Millions of waste plastic “nurdles” from UK sewage plants on the east coast are polluting the North Sea and reaching the Dutch coast, a new report has warned.
Sewage plants in Britain use black “bio beads”, also known as nurdles, to filter water, but spillages and heavy rainfall can wash them into watercourses where they are swept out to sea.
The research, by the marine conservation group Plastic Soup Foundation, discovered the plastic waste is likely to come from sewage treatment plants in Ipswich, Hull and Grimsby.
Once in the sea, storms, winds, and tidal currents drive the UK’s nurdles towards the shores of the Westerschelde in the southwestern Netherlands.
With millions of plastic nurdles entering the oceans, the report warned the plastic production sector is failing to put in place adequate preventative measures to stop spillages.
Oskar de Roos, plastics expert at WWF Netherlands, said: “Plastic pollution is taking on unprecedented proportions. The current government plastic policy, based on voluntary action, is inadequate.
“The industry’s transition to a circular economy is taking place far too slowly. The pollution caused by nurdles is a direct consequence.”
Nurdles are pre-production plastic pellets and can be made of polyethylene, polypropylene, polystyrene, polyvinyl chloride, and other plastics and are hugely damaging to ecosystems, wildlife, and humans.
As part of the report, researchers reconstructed an event from March 2019 where thousands of black nurdles were found to have washed up on the beaches of Zuid-Holland.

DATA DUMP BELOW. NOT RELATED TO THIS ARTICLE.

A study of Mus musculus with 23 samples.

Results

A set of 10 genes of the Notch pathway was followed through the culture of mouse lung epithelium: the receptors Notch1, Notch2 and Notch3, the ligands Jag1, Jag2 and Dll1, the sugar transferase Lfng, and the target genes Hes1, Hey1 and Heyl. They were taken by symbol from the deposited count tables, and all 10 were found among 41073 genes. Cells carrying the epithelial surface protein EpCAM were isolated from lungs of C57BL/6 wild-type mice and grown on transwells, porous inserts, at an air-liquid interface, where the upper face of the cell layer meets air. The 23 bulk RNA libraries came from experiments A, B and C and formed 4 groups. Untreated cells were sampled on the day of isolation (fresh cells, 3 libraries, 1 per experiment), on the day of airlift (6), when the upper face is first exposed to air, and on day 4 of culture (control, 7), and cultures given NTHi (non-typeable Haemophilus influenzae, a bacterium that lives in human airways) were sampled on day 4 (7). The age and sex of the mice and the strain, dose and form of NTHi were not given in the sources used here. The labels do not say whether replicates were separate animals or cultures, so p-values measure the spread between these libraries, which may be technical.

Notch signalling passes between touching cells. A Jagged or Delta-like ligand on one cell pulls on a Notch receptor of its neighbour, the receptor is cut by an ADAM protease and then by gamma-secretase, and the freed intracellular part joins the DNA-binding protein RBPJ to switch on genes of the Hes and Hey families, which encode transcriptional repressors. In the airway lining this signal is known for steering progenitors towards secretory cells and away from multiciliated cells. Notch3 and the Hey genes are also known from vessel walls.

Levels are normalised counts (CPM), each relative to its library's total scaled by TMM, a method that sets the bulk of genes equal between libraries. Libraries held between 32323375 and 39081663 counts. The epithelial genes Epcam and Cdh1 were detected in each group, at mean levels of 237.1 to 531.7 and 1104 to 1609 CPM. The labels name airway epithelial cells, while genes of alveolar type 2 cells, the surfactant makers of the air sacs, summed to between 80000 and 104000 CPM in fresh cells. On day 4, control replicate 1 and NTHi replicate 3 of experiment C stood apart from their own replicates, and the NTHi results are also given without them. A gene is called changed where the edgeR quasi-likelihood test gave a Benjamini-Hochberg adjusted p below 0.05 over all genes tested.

Using data the researchers were able to track the nurdles back to the estuary of Orwell and Stour.
The report also found at least 1 million nurdles present in the estuary.
The findings come days after the United Nations Environment Assembly agreed to create an international treaty on plastic pollution, which will introduce legally-binding rules for plastic production and disposal designed to significantly reduce the amount of plastic pollution going into the environment from 2024.
Campaigners have long warned that both industry and governments around the world are failing to address the issue of plastic waste.
As a result of the report’s findings, Plastic Soup Foundation has joined ClientEarth and 12 other NGOs in its legal proceedings against the permit granted to UK petrochemicals company Ineos to build a plastic plant in Antwerp.
Maria Westerbos, director of the Plastic Soup Foundation: “This is one more reason to say no to the plans of chemical giant Ineos to build a new ethane cracker in the port of Antwerp in order to produce even more plastic.
“Now that it is clear how heavily the Westerschelde is polluted with plastic granules, action must be taken to stop these leaks at the source immediately.”